Taking the ferry across the harbor at Port Avenue is the easiest way to reach both Casablanca and Regla from Old Havana. Both Casablanca and Regla are communities that boast a long history, Afro-Cuban culture and stunning views of the city by the waters.
Casablanca is a territory that belongs to Regla, where the large sculpture of Christ of Havana stands. Since 1589, this captivating colossal marble sculpture has been a religious symbol throughout its history. Located 51 meters (or 167 feet) above sea level, Christ of Havana can be seen from any point of the capital. At night, the statue is not only a landmark but also a majestic piece of art set on stage as it lights up, painting the dark nights with colors and hope.
The Christ of Havana’s eyes are, in fact, left empty to suggest that Christ is looking at everyone everywhere, making a deep connection with the city of Havana. It’s easy to be mesmerized by this majestic sculpture of Christ, but don’t forget it take a photograph in front of it for a memorable shot.
On the other hand, Regla is famed for its rich colonial history, which dates back to 1687 when the Peruvian pilgrim Manuel Antonio received a piece of land to build a Hermitage to La Virgen de Regla. Originally named Guaicanamar — literally translates “facing the sea” — Regla is probably one of the best island experiences. Dotted with historic centers and breathtaking relics of old buildings, Regla is a rustic, charming community.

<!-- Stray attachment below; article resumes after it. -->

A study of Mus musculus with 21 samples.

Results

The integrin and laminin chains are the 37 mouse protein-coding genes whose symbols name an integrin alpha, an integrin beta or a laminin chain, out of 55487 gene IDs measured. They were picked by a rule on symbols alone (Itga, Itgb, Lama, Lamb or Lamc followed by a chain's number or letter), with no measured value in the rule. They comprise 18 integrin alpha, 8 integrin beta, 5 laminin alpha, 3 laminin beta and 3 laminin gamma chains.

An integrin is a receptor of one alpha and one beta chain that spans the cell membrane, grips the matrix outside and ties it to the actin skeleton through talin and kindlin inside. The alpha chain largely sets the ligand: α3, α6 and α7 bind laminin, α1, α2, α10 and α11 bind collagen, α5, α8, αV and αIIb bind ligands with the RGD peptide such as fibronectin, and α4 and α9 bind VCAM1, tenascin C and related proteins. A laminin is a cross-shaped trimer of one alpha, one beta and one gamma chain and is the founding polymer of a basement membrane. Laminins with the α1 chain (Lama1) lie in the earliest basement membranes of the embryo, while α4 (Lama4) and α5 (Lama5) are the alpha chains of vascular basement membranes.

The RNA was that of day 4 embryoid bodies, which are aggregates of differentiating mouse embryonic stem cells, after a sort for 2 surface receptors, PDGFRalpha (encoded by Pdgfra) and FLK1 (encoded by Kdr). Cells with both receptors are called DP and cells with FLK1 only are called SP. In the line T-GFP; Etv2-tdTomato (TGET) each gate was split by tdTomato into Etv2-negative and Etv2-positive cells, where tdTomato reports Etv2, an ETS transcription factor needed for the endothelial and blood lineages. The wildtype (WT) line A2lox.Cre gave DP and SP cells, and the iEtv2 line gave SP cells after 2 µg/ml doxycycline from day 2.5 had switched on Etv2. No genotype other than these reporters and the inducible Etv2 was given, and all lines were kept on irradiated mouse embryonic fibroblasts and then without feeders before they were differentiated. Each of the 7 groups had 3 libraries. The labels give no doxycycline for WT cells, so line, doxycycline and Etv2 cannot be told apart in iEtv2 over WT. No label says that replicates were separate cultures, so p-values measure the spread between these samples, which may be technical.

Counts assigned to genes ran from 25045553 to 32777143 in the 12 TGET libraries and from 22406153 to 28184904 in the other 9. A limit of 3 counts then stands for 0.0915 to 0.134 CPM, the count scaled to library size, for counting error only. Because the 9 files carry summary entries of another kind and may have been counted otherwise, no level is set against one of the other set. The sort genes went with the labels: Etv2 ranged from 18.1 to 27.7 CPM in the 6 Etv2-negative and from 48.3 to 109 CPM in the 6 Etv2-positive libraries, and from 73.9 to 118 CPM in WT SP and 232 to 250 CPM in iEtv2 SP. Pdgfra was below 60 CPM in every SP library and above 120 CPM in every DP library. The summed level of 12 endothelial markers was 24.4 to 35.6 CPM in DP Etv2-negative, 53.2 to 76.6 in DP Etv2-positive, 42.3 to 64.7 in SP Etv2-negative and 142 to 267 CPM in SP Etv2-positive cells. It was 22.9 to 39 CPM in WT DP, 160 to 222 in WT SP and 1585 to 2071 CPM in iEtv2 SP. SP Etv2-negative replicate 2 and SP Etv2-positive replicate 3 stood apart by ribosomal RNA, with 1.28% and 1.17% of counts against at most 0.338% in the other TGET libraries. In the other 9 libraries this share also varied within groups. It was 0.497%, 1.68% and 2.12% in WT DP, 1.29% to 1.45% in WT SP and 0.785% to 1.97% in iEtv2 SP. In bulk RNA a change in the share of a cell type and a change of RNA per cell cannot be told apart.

Aside from sightseeing around town, you should sail in calm Cuban waters and hum along with the sounds of old engines of Lanchita de Regla. The little boat is currently the most efficient means of transportation to get from one side to the other. With just CUP$ 40 cents, you’ll get to your destination in 10 minutes. Whereas, if you go by car, it’ll probably take you another 30 minutes. Do take note of the ferry times; the first ferry leaves at 4:00 am and the last at 12 am.
From the deck of Lanchita de Regla, you get to enjoy enchanting views of the bay, as well as the castle of Tres Reyes del Morro, which is a UNESCO World Heritage Site. Lounge around and take plenty of photos, all to capture and encapsulate the beauty of Havana that is celebrating 500 years of history next year.